Reckless drone flying

Early in July a certain individual decided that he would capture footage of planes landing at Tel Aviv Airport. Not only was this a danger to the plane but also the below below it. Had there been a collision between the UAV and the plane in question then the resulting consequences could have been disastrous.

DJI, who are the world’s leading company in civilian drones and aerial imaging technology publicly came out to adress this case in particular "... DJI condemns in the strongest possible terms a video posted by a drone user that records landing of aircraft at Tel Aviv’s Sde Dov airport. The user, Niv Stubenski, claims to have filmed the landings with a DJI Mavic Pro quadrocopter."

Sadly for DJI and the rest of the UAV community this case in particular, while extreme in nature, is not an isolated event. DJI have pledged to assist national aviation authorities as they investigate a recent wave of photos and videos showing clear and intentional lawbreaking in ways that pose real danger to manned air traffic.

Recently there have been media reports of "Russian hackers" being able to implement flight control parameter modifications that enable DJI drones to circumvent built-in safety features, including geofencing restrictions.

Sadly, this will only help to further stricter regulations from governing bodies. These governing bodies are now considering not only going after rogue uav pilots but also those that hire them.

The Circle. The First Film Shot Entirely By Drone

The Circle, first film shot entirely on DJI’s Inspire 2 Drone.
filmed by Oscar-winning cinematographer Claudio Miranda. 


Claudio Miranda who hails from Chile was the director of photography on David Fincher’s film The Curious Case of Benjamin Button and Academy Award-winning Director of Photography on Ang Lee’s film Life of Pi. 

Claudio is the first cinematographer involved with DJI in a series of short films shot entirely with the Inspire 2. 

This series, which is run and developed by DJI, hopes to showcase more and more the companies technical potential in filmmaking, especially in regards to UAVs. The inspire 2 was used as the prime product to produce this film.

In The Circle a father (Ryan Phillippe) reunites with his estranged son (Noah Schnapp) in Depression-era America.

Every single one of the shots has been captured through one of their drones (mainly the inspire 1 and X5R), even if the drone wasn’t flying all the time. For some shots, it was both handheld and locked down.

Aside from the artistic value this film merits, another great reason to watch this movie is because you can see how a UAV's camera is now able to produce an image with a cinematic quality to really rival that of a regular film camera, whether in the air or on the ground.

Check out the behind the scenes of this epic film here:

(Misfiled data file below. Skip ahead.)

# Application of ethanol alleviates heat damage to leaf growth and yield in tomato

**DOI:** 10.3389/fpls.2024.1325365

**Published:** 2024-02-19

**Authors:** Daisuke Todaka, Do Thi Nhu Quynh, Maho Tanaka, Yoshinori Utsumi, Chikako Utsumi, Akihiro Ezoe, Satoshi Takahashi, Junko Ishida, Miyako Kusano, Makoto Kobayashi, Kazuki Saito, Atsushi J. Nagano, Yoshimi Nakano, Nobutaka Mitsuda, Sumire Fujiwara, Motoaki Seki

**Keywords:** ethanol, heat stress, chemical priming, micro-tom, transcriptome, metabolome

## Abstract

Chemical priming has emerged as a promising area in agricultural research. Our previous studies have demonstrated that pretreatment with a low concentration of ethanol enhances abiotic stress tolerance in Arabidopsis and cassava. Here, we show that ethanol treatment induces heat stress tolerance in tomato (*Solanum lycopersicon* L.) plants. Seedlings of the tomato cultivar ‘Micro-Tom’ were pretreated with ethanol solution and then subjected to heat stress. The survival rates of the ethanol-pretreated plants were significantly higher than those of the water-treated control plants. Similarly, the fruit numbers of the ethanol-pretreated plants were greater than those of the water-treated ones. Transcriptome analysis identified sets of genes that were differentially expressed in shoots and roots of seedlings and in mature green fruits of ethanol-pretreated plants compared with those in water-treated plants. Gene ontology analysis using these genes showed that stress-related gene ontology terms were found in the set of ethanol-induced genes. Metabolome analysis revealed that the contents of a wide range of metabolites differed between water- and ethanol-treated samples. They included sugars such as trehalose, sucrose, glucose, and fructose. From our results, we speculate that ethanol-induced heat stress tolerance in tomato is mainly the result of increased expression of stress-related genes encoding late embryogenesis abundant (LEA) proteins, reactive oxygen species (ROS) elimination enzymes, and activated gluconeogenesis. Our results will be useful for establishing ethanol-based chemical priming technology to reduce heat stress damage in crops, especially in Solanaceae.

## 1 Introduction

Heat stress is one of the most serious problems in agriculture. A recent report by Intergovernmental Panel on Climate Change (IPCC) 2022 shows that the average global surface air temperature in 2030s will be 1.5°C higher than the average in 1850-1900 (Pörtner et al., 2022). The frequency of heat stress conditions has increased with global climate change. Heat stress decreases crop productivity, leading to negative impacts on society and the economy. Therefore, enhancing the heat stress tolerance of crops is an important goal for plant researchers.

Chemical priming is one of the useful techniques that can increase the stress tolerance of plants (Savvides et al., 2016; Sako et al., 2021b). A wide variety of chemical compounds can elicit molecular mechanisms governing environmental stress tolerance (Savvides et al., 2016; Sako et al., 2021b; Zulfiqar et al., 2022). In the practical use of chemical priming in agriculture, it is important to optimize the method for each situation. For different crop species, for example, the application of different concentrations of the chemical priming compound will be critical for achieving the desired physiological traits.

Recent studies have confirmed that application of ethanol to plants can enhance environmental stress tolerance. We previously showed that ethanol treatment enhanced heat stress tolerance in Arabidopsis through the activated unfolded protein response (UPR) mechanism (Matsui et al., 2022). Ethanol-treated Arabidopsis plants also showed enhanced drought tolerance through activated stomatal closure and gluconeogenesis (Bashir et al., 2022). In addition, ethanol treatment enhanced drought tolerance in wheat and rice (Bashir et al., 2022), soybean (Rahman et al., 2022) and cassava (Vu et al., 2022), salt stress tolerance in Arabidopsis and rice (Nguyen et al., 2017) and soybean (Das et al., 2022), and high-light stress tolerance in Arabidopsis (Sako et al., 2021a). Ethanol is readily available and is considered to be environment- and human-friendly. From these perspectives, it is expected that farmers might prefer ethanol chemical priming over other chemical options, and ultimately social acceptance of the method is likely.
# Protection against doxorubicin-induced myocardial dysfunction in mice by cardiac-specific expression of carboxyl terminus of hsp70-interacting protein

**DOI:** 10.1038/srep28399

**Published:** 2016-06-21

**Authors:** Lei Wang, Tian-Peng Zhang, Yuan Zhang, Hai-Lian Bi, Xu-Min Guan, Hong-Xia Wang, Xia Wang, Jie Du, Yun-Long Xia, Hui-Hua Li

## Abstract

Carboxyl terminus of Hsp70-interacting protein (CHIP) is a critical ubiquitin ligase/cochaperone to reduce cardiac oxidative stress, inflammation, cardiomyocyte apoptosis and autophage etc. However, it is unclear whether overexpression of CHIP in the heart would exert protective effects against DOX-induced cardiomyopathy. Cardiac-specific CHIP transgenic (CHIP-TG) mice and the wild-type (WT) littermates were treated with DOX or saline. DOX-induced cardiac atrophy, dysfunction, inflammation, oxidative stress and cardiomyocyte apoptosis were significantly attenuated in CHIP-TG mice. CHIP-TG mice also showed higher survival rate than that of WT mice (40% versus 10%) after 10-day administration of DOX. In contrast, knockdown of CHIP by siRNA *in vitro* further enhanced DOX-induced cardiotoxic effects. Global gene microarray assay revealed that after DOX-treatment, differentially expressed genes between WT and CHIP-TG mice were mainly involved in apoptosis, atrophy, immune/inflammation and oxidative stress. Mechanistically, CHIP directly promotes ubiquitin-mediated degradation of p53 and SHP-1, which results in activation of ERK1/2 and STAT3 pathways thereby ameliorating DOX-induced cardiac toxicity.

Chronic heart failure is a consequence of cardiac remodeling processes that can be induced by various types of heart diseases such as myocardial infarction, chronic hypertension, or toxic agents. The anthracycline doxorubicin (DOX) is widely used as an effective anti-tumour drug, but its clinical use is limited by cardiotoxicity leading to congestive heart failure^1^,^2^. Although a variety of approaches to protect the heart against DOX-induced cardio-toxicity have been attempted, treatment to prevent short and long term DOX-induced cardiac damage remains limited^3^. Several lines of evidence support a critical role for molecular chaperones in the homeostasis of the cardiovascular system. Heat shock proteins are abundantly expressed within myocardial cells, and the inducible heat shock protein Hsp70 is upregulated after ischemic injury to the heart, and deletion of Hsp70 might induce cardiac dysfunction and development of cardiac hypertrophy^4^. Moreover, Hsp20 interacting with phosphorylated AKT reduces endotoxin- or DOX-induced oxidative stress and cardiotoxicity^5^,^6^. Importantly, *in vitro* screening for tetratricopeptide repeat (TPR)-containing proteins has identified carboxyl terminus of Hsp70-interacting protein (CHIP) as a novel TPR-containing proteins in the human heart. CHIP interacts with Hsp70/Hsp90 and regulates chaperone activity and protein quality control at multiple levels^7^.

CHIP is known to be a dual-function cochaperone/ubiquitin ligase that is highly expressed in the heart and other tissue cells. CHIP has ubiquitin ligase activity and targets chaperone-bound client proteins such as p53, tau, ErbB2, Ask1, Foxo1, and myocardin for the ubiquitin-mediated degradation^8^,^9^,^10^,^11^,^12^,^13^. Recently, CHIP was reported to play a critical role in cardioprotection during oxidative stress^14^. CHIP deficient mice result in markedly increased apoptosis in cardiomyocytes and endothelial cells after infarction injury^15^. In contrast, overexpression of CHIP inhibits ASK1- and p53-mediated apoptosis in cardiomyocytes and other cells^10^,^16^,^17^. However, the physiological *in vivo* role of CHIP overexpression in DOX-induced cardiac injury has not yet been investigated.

The rise of drones in film production

Unmanned aerial vehicles are now part and parcel of film production


Back in May at the 68th Cannes Film Festival, Jacques Audiard’s awesome refugee drama Dheepan became the first winner to include a scene captured from an unmanned drone. In a film industry where drones are replacing helicopters on sets around the world, winning the most prestigious prize in cinema is enough of a milestone to signal the emergence of a new filmmaking trend. Drone cinematography is taking off in a big way.

There is only a single drone aerial in Dheepan, but it is used to fantastic effect, the sequence begins with the camera situated at a normal height, the camera is horizontally tracking the main character (a Sri Lankan civil war refugee) while he walks to his day job. The frame suddenly unhinges from its grounded axis and takes off at a 45-degree angle, pushing past foliage and flying over the apartment block that lead character looks after. From above the audience are able to take in the dilapidation, and the vantage point puts a dramatic end to a relatively sleepy first act of the film. 

Things may change as filmmakers continue to scope out the use of drones in narrative cinema, for now they are still very much a novelty. As they reach mass adoption in film and television it may well become a scenario in which every day camera operators begin adding aerial filming capabilities to their arsenal. While there will always be a call for specialist skill sets, aerial filming could very well become an every day norm for production houses.

We are nearing a better idea of what drones are good for in a documentary by Brian D. Johnson called Al Purdy Was Here, his debut in the documentary narrative, it uses beautifully shot drone cinematography to capture the land surrounding Al Purdy’s infamous A-frame cottage in Ontario’s Prince Edward County—a helicopter crew could not get this close for safety and legal reasons. These shots help Johnson’s film break free from a documentary mode rife with talking heads and ground-based filming.

At this point, drones as narrative film-making tools are still in their infancy. A drone can replicate the functions of a helicopter or a crane or a jib at a fraction of the price, but if drone shots don’t move beyond niche then they risk the chance of become pigeon holed as a directors flight of fancy. 

Transformers 5: The Last Knight Trailer

We are very proud to say that we supplied the aerial filming and consultancy work on Micheal Bay's latest take on the Transformers franchise, we spent several weeks working on his epic production of Transformers 5: The Last Knight.

While on set supplying our aerial services we also acted as consultants to the production team, helping them liase with local authorities and the CAA to make sure that all of the production's drone work was in keeping with the rules and regulations.